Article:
Major health plan Q1 earnings: Profit surprise in commercial risk; multiple reasons why business prospects look good

Public health insurers startled the market with earnings ~25% above consensus expectations. A key driver was lower-than-expected utilization (particularly in the under 65 commercial lives) which kept medical costs down.

Management teams offered two theories in the analyst calls: bad weather and the beginning-of-the-year reset of consumer directed (CD) deductibles; neither is compelling:

  • A lot of discretionary care has already been squeezed out of the system by the bad economy; it is hard to imagine that bad weather would drive out a lot more. Also the utilization decline was concentrated among the commercial lives (e.g., WLP) but weather affects Medicare eligibles too.
  • CD plans would have had to have grown sharply between 2011 vs. 2010 for such an unexpected impact. CD growth plans did grow fast between 2009 and 2010 (from 8% of lives to 13% per Kaiser Employer Benefits Survey); but it is not clear that 2011 saw equally rapid growth (for example, United said that CD membership grew from 14% of commercial lives end of 2010 to 15% at end of Q1 2011).

Both theories imply that the Q1 surprise is a one-time event. So, while health plans raised earnings guidance for 2011, they did it mostly by the amount of the Q1 earnings surprise (on average, ~77% of the earnings guidance increase was delivered in the Q1 earnings surprise). In other words, the Q1 results were taken to offer very little signal on the rest of the year. Everyone is guiding for utilization to return to normal.

However, investors seem to think something more fundamental is afoot. Share prices have gone up 15-20% since the earnings calls, implying a 15-20% permanent increase in future earnings. What could it be? Three potential hypotheses:

(1) Industry has figured out how to price rationally under MLR rules. Previous expectations for lower profits assumed stronger utilization but also, implicitly, a tough pricing environment. But instead of broad bidding wars over increasingly scarce lives, management consistently reported that competitors were pricing “rationally,” implying sustainable margins and a more profitable industry. Aggressive pricing seems to have been limited to a few markets and segments (e.g., CIGNA’s ASO offering for small employers). Capital accumulations also suggest insurers are contemplating acquisitions to fuel growth rather than “trench warfare” over share.

(2) The lower utilization will last. Perhaps Q1 results presage more lasting consumer caution about utilization. There are plenty of potential drivers: greater cost-sharing (not just CD deductibles), continuing job uncertainty, and other priorities given tight incomes. These conditions may hold for a while and the new habits become engrained. If medical cost growth slows, there will be more room in the premium for health insurer profits. One interesting signal that utilization may not bounce back is Aetna’s recent decision to seek a 10% reduction in premiums on individuals in Connecticut in order to comply with the MLR floor.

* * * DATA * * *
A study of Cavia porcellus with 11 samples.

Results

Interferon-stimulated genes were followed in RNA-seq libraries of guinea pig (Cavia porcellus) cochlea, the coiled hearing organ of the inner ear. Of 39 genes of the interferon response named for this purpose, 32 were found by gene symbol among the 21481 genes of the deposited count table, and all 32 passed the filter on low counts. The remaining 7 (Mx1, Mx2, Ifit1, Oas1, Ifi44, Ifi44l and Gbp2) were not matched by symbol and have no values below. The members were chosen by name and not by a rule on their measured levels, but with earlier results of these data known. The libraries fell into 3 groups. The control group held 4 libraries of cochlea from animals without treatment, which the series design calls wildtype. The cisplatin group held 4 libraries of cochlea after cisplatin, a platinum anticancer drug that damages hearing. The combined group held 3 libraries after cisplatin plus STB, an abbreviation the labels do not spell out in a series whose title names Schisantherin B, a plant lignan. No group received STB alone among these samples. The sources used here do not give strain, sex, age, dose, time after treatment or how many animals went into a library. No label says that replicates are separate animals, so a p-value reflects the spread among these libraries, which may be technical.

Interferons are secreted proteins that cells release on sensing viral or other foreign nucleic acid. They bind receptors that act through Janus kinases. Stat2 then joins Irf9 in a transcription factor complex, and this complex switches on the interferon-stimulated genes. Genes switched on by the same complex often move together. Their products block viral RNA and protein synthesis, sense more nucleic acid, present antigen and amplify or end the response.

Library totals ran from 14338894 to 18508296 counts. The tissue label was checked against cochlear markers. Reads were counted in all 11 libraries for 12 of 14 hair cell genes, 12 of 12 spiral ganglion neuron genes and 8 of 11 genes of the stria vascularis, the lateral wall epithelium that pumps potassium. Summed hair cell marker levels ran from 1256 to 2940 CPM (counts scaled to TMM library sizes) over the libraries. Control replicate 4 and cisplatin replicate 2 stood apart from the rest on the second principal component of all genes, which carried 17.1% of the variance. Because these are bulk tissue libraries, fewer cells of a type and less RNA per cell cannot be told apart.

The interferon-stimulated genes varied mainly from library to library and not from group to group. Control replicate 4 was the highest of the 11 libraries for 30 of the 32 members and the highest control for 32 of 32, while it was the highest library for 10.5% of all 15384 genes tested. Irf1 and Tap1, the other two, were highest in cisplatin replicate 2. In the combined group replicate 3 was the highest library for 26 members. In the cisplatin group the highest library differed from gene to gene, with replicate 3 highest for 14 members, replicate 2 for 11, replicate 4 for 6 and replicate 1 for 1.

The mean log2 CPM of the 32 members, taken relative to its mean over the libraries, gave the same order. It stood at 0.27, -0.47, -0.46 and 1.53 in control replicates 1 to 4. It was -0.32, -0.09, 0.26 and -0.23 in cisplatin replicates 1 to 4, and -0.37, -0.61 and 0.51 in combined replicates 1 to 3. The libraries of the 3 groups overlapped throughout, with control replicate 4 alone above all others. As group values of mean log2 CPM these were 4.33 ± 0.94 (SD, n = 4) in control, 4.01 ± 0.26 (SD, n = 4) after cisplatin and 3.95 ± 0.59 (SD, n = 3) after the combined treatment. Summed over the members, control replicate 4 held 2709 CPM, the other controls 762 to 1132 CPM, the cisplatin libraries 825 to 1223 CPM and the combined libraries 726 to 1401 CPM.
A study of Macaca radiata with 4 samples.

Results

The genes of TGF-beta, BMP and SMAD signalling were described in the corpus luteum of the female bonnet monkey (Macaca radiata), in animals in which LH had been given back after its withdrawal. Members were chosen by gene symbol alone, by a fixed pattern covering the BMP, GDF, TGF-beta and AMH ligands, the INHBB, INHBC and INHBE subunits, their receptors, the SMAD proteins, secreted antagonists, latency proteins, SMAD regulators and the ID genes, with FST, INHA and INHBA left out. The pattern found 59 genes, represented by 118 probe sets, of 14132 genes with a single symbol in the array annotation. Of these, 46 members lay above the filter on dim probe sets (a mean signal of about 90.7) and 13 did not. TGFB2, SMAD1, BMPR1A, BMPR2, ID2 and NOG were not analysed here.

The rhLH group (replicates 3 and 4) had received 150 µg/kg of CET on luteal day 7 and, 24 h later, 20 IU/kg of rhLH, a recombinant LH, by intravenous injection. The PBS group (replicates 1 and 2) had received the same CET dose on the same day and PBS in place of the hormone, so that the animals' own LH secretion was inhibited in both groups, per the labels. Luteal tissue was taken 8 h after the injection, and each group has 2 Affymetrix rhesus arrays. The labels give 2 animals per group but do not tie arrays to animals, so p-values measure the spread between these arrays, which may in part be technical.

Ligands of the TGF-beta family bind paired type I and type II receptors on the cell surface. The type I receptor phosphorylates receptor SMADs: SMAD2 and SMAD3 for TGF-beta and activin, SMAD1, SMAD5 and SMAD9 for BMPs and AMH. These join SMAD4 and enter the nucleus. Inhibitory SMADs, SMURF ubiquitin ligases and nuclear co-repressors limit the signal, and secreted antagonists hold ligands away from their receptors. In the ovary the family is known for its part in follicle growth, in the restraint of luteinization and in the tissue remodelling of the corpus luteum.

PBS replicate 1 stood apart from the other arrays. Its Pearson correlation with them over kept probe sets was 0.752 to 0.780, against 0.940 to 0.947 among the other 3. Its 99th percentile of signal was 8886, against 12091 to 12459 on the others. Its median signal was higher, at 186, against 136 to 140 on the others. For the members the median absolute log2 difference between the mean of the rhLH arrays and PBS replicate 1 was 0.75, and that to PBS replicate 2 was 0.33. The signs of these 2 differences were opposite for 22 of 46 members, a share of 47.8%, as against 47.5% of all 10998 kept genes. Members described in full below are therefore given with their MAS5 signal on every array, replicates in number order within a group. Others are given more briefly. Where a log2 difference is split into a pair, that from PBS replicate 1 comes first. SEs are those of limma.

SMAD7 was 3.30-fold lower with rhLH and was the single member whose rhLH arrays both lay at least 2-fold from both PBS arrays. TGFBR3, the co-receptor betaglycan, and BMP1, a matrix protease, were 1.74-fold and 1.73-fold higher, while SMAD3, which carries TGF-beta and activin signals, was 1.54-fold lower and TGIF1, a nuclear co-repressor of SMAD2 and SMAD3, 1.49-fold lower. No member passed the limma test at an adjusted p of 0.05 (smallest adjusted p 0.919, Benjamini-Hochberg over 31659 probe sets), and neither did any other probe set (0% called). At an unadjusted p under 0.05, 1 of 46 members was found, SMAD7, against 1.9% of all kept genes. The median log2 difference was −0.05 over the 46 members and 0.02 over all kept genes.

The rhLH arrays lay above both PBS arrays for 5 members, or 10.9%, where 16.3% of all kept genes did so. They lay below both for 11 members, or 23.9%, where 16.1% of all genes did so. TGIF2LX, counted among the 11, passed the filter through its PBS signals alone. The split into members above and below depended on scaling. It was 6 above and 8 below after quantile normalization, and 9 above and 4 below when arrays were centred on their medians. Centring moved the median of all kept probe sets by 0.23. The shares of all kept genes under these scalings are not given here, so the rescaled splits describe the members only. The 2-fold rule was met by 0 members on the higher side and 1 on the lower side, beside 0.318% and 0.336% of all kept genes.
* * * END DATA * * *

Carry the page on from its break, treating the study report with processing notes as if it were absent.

(3) Growing confidence that the strategies of individual insurers will pay off. Each of the majors demonstrated the strength of their core strategies through ability to gain share, lower expenses, or access ancillary markets. Some highlights from each:


  • Ability to translate scale into share gains (ASO 5% up in quarter).
  • Higher margin services businesses such as OptumInsight (analytics) and OptumHealth (medical management services) growing fast (30%+ vs. year ago) and creating meaningful mix shift in profit drivers.


  • Ability to translate scale and rate advantage into organic growth (6%+ in ASO; gains in slice accounts where employers are looking for hard savings).
  • Growth in specialty (behavioral, vision) signaling improved ability to cross-sell.
  • Improved performance in admin cost (down 4.5% vs. year ago despite more lives).


  • Acquisition of Prodigy, a 600K life TPA which should provide Aetna with another tool to attack low-share markets with an ASO offering for smaller groups.


  • Capabilities in driving ASO into smaller and smaller groups (demonstrated by transition of lives from experience rated to ASO and growth in smaller group segments).
  • Strength of specialty insurance (behavioral, dental) and cross-sell across book.
  • Increasingly meaningful international platform (revenues up 7% vs. year ago quarter, expatriate lives up 85% – helped by an acquisition – and overall international policies up 15%).


  • Medicare winner – both medical (9% in quarter) and most dramatically in drug benefit (40% in quarter) — coupled iwth growing confidence that leaders will figure out ways to maintain profitability as rates decline.

Key implications

  • Utilization over next couple quarters will be important to understand how long consumers will keep their recession mindset regarding utilization.
  • Pricing will be important to see if competitors defect from the rational pricing, seeking a land-grab. As long as players seek share gain by acquisition, this should not be a risk….though acquisition targets might seek to bulk up to increase valuation before acquisition.
  • Majors are developing a number of profit pillars which do not require head-on collision with each other (except in ASO) – thus reinforcing the potential for continued rational pricing.
  • Regional non-profits: watch out! The majors are developing interesting tools to attack smaller groups (ASO + broad stop-loss) and you will struggle to defend given the cannibalization risk. Playing nice with brokers (likely not too excited about an ASO model) could be critical.